Italian anisette cookies or anise cookies are a traditional Italian cookie with a "black licorice" flavor from pure anise extract, a fragrant flavoring made from star anise. These vegan anise cookies are tender with a soft crumb, and have a sweet vanilla anise glaze adorned with rainbow nonpareils. The cookies are often on Italian Christmas cookie tables, but they are made all year round.
📕 The Vegan Cookie Connoisseur
These cookies are one of the new recipes in the 2016 paperback re-release of my first cookbook, The Vegan Cookie Connoisseur. On the outside, the new book has a new cover design featuring one of the original book's classic recipes, Lemon Poppyseed Cookies.
On the inside, the book contains all of your favorite recipes from the hardcover original, along with a foreword written by Natalie Slater of Bake and Destroy, and a new chapter containing 8 new recipes!
Which book to get?
Trying to decide which version of the book to buy? The 2016 paperback has everything the original does, word for word, plus the foreword and new recipes. So, yes, it is worth getting the new book if you already own the original!
Also, the original VCC contains "over 140 recipes" while the new version contains "over 120 recipes." Disregard this—the new book actually has more recipes that the "over 140 recipes" version.
As mentioned, there are 8 new recipes in the book. Many of the new recipes utilize chickpea water, or aquafaba, to make a vegan-friendly meringue, a technique we didn't know about until a couple of years ago! I've published several aquafaba-based recipes like Vegan Lucky Charms, Lemon Meringue Pie, Aquafaba Whiskey Sour, and Hawaiian Bread.
It's quite possible that VCC is the first published work to reference aquafaba (don't quote me on that unless you find out that it's true and it probably is)! Aquafaba can be used to make meringue-based desserts like meringue cookies, Swiss buttercream, macaroons, and French macarons. In fact, VCC has a recipe contributed by the Vegan Macaron Queen herself, Charis Mitchell of Floral Frosting.
Okay, now back to the cookies! These anise cookies are so easy to make, and are a unique addition to the dessert table.
Although anise (or black licorice) can be a divisive "love it or hate it" flavor, I find that baking it into a cookie softens the strong flavor. It's easy to pop a few of these cookies in your mouth every time you walk by the cookie tray.
- Vegan butter
- Vegetable shortening
- Non-dairy milk (any kind)
- Baking powder
- Anise extract
- Vanilla extract
- Powdered sugar
- Vegan nonpareils
For the cookies:
Preheat oven to 375°F.
Cream together the margarine, shortening, and sugar in a stand mixer or by hand in a large mixing bowl.
Add the applesauce, milk, and anise extract, and stir until combined.
Sift in the flour, baking powder, and salt and mix until a dough forms.
Take 2 tablespoon portions of dough and place on a prepared cookie sheet.
Bake for 12-13 mins or until the tops are firm and the bottoms are golden.
For the glaze:
While the cookies are cooling, make the glaze.
Combine the melted margarine, non-dairy milk, and vanilla extract in a medium-sized bowl.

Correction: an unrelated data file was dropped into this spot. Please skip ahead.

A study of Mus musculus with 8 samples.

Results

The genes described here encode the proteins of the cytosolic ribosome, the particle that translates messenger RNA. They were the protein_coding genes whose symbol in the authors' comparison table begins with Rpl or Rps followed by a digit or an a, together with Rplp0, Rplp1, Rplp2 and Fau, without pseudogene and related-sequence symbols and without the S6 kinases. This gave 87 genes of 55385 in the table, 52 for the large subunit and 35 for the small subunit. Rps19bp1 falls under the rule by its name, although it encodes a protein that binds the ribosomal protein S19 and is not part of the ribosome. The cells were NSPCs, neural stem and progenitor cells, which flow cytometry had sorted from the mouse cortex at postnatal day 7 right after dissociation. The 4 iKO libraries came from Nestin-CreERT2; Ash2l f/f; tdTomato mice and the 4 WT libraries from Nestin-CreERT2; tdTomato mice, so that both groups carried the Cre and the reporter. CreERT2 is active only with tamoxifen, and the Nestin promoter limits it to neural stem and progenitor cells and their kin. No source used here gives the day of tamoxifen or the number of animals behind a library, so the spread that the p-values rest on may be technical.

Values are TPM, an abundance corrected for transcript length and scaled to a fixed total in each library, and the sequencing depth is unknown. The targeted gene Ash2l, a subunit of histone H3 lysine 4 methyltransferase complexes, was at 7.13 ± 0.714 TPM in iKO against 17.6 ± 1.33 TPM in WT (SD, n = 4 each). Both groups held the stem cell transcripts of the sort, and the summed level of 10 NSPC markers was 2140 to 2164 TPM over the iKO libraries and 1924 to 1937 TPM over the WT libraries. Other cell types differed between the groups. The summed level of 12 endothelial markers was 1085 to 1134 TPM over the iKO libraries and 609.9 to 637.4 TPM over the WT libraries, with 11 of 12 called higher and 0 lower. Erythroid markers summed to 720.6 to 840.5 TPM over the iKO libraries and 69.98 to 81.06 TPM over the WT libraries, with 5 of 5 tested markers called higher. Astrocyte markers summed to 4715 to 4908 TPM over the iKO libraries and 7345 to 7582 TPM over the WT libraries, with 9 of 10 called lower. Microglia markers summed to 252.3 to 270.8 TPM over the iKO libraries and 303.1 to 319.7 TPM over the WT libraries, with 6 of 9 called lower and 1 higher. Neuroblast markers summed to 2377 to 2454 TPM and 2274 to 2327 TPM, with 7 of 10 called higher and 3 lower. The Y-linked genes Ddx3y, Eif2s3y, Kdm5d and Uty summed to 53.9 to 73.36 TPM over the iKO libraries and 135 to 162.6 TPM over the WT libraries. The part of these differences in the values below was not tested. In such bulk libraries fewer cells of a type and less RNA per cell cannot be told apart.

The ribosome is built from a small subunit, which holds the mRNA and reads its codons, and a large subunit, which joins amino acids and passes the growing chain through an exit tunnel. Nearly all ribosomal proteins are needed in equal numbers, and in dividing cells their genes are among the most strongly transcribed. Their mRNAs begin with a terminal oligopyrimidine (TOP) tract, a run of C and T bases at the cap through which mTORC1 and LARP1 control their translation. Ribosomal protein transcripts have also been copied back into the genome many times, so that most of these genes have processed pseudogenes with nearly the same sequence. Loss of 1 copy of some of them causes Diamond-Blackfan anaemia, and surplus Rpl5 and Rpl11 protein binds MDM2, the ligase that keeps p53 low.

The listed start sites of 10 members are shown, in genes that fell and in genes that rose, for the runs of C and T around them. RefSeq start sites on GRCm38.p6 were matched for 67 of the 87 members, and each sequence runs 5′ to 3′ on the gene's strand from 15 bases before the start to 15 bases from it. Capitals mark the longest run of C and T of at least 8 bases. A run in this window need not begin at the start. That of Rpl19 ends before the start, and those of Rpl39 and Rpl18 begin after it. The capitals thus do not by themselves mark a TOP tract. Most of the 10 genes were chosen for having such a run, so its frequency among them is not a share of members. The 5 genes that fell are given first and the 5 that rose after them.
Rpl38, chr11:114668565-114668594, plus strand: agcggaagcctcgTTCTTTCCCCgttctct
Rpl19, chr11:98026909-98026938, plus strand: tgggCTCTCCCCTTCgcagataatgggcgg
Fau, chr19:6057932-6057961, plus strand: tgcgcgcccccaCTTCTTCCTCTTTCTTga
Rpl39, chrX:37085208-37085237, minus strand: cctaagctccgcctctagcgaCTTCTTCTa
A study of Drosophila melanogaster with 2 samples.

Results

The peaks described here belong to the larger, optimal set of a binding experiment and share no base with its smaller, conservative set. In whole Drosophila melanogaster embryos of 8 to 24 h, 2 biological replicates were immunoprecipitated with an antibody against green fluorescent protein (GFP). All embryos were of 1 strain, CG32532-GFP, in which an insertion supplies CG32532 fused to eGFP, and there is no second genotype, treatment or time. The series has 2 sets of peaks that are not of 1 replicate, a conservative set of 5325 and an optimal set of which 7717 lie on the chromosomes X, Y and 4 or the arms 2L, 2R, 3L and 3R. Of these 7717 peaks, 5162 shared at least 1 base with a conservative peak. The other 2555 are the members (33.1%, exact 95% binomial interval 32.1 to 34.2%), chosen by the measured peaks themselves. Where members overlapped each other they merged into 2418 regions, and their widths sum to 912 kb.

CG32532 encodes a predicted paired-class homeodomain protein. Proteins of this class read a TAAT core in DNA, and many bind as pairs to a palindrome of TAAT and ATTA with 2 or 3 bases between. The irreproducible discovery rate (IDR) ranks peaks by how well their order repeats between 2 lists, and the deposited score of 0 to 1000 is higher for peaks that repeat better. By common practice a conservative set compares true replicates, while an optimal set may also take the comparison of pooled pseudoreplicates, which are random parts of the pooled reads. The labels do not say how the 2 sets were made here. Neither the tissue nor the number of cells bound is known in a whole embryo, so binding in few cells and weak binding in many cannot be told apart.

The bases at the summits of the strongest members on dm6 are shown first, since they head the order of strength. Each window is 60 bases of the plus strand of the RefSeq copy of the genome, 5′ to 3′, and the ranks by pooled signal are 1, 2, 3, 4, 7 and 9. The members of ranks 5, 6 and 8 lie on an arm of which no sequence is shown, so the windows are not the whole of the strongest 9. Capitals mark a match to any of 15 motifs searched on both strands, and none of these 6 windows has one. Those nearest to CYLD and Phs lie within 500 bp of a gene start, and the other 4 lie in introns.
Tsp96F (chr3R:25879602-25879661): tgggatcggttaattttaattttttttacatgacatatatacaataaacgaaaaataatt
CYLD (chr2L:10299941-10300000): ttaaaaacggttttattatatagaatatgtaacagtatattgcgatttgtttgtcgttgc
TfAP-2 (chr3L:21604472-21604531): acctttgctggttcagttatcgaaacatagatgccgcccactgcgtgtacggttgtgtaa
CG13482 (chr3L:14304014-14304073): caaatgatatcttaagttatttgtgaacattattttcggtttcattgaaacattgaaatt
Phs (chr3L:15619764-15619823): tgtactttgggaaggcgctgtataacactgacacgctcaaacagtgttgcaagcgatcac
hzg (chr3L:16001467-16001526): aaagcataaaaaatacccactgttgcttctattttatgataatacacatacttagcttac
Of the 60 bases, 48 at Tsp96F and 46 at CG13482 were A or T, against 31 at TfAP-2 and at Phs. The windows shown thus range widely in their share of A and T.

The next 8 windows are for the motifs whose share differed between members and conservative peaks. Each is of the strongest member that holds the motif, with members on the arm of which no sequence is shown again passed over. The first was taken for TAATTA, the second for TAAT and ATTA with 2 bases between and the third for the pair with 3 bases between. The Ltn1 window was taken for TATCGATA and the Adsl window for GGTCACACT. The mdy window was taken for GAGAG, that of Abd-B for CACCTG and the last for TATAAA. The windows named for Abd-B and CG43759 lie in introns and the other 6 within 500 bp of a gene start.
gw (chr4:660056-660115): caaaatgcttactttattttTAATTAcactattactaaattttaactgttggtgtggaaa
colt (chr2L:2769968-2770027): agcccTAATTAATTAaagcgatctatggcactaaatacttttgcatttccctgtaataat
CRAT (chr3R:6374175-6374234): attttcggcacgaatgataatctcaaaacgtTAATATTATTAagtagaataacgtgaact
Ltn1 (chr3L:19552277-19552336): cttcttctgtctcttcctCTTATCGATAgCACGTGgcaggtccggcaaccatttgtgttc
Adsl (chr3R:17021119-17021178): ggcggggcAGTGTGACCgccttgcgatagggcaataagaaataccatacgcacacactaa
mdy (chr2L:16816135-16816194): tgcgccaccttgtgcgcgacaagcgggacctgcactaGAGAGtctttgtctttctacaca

Stir in the powdered sugar until smooth.
Drizzle a spoonful of glaze over each cookie.
Add a pinch of sprinkles on top. Let the glaze set before serving.
These anise cookies would be fantastic with these recipes:
This vegan kale pesto is blended with fresh garlic, pine nuts, cashew parmesan, and olive oil for a savory, delicious winter-friendly pesto!
This vegan gnocchi is made with Yukon gold potatoes and sweet potatoes, and dyed with spinach and tomato for an all-natural rainbow of pasta!
You can never have too many rainbow cookies! These vegan Italian Rainbow Cookies or "seven layer bars" or "Napoleon cookies" are made of three layers of almond cake spread with apricot jam, and coated in chocolate.
- ⅓ cup vegan butter
- 2 tablespoons vegetable shortening
- ⅔ cup sugar
- 3 tablespoons applesauce
- ¼ cup non-dairy milk
- 1 teaspoon anise extract
- 2 ¼ cups flour
- 1 tablespoon baking powder
- ¼ teaspoon salt
- 1 teaspoon non-hydrogenated margarine, melted
- 2 tablespoons non-dairy milk
- ¼ teaspoon vanilla extract
- 1 ¼ cup powdered sugar
For the cookies:
- Preheat oven to 375°F.
- Cream together the margarine, shortening, and sugar in a stand mixer or by hand in a large mixing bowl.
- Add the applesauce, milk, and anise extract, and stir until combined.
- Sift in the flour, baking powder, and salt and mix until a dough forms.
- Take 2 tablespoon portions of dough and place on a prepared cookie sheet.
- Bake for 12-13 mins or until the tops are firm and the bottoms are golden.
For the glaze:
- While the cookies are cooling, make the glaze.
- Combine the melted margarine, non-dairy milk, and vanilla extract in a medium-sized bowl.
- Stir in the powdered sugar until smooth.
- Drizzle a spoonful of glaze over each cookie.
- Add a pinch of sprinkles on top. Let the glaze set before serving.
Amount Per Serving: Calories: 125Total Fat: 4gSaturated Fat: 2gTrans Fat: 0gUnsaturated Fat: 2gCholesterol: 8mgSodium: 105mgCarbohydrates: 21gFiber: 0gSugar: 12gProtein: 1g
All nutritional information presented within this site are intended for informational purposes only. I am not a certified nutritionist and any nutritional information on seitanbeatsyourmeat.com should only be used as a general guideline. This information is provided as a courtesy and there is no guarantee that the information will be completely accurate. Even though I try to provide accurate nutritional information to the best of my ability, these figures should still be considered estimates.
If you liked this recipe, consider purchasing a copy of The Vegan Cookie Connoisseur on Amazon for yourself or for a gift!
This recipe was originally published in 2016 and has been updated for formatting. The recipe has not changed.